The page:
Teaching from the Indigenous Perspective and Promoting the Respect of Native Lands, Natural Resources, and Native Cultures
The use of traditional ecological knowledge with Native students has been shown to increase the engagement, participation, and success of Native American students in science, ultimately opening opportunities for Native students in science-related careers, where currently, they are significantly under-represented. Abby Ybarra and Project Indigenous currently work with schools and students to re-design their outdoor learning space to include such things as native grasses, wildflowers and other plants that serve ecological, sustenance and/or medicinal purposes and agro-ecology projects such as Three Sisters Gardens that demonstrate the TEK within agricultural practices of Indigenous People.
Through his Toyota TogetherGreen Fellowship, Abby implemented Growing through Heritage to work with tribal representatives and elders of the Prairie Band of the Potawatomi Nation to provide access to the traditional ecological knowledge, permissions, and wisdom that might guide this project. Abby worked with the Three Sisters Garden and the Prairie Band Potawomi School to repurpose their yard as an outdoor space. Through this work, they taught the children to develop a deeper understanding and connection with the land, especially the plants around them.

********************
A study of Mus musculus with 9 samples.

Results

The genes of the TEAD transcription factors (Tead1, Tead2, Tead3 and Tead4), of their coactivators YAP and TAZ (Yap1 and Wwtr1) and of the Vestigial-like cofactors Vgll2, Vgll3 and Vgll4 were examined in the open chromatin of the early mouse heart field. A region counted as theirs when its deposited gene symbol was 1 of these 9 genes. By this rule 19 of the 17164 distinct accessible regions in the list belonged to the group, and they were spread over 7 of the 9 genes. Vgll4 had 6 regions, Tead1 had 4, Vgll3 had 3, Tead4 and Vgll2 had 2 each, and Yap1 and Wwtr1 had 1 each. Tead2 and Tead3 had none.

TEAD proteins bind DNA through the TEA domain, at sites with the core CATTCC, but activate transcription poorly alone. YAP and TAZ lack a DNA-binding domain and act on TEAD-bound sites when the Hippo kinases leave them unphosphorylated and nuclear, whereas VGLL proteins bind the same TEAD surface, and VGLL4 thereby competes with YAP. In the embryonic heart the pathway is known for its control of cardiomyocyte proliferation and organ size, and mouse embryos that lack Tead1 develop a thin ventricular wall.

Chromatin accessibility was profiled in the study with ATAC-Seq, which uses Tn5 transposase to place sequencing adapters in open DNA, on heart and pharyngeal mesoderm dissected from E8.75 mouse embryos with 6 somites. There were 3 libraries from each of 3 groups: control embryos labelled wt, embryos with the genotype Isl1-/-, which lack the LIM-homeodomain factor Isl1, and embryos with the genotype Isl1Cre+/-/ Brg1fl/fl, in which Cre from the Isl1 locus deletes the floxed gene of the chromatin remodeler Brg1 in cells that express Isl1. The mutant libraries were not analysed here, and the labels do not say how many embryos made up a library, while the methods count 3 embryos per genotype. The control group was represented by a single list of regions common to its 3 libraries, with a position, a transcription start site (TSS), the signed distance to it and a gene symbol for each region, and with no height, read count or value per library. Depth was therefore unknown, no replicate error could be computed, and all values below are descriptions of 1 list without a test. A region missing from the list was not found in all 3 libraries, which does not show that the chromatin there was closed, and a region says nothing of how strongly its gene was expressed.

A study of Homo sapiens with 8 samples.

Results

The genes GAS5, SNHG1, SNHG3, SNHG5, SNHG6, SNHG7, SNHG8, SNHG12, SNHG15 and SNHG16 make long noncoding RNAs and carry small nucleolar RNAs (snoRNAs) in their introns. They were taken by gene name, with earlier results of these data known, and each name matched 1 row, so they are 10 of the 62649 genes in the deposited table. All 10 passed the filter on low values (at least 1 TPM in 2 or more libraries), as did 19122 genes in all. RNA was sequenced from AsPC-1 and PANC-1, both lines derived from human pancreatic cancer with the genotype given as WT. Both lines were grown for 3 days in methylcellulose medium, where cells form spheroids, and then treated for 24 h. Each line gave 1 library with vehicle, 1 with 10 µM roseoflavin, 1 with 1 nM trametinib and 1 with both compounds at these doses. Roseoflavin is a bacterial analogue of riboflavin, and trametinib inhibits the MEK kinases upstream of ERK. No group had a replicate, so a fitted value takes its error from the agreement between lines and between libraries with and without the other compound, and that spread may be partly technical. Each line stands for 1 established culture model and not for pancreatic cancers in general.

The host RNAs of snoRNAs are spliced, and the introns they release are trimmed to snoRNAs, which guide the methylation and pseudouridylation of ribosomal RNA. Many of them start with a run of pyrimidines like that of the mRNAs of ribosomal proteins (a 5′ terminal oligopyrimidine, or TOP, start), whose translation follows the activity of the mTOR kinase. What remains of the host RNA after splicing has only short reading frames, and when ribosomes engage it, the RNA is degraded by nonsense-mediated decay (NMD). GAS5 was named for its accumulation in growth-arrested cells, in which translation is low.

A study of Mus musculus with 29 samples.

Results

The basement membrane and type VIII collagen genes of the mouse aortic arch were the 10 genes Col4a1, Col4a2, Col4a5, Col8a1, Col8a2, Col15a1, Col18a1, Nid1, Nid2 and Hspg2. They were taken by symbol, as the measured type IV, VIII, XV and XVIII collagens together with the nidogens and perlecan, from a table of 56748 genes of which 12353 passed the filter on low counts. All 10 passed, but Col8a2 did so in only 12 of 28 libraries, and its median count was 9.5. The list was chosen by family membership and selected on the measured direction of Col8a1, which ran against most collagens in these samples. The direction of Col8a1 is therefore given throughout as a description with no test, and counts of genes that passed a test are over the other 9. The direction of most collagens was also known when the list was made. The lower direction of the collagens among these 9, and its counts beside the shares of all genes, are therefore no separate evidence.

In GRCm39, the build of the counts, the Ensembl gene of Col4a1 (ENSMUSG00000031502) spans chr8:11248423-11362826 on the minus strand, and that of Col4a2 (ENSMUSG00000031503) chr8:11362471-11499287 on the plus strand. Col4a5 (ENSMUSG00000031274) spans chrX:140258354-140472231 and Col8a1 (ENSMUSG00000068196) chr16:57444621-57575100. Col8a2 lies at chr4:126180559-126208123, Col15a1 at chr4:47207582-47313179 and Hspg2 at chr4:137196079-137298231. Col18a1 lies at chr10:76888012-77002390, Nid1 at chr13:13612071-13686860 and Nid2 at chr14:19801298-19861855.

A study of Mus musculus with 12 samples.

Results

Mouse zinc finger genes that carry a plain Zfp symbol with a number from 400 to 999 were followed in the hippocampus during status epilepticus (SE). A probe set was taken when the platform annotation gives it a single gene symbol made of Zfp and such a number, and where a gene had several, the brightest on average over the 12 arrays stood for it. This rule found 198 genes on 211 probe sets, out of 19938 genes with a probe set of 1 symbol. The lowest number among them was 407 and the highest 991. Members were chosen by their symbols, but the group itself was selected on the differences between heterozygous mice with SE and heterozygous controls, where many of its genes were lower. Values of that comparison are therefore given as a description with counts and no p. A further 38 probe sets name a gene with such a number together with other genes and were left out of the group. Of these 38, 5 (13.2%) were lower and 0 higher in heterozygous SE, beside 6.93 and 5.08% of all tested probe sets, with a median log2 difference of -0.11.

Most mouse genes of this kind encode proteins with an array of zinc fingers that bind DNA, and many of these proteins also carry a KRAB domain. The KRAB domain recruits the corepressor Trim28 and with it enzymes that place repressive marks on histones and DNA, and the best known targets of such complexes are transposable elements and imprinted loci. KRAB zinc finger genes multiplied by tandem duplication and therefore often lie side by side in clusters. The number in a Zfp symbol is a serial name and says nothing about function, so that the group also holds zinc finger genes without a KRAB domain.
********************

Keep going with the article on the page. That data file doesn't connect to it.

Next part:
In the long term, Abby hopes that the lessons learned from this project will enable him to expand it to other schools. Engaging students in traditional Native ways of connecting to the land creates a deeper and more enduring relationship with the natural world that will ultimately have benefits to both children and the environment.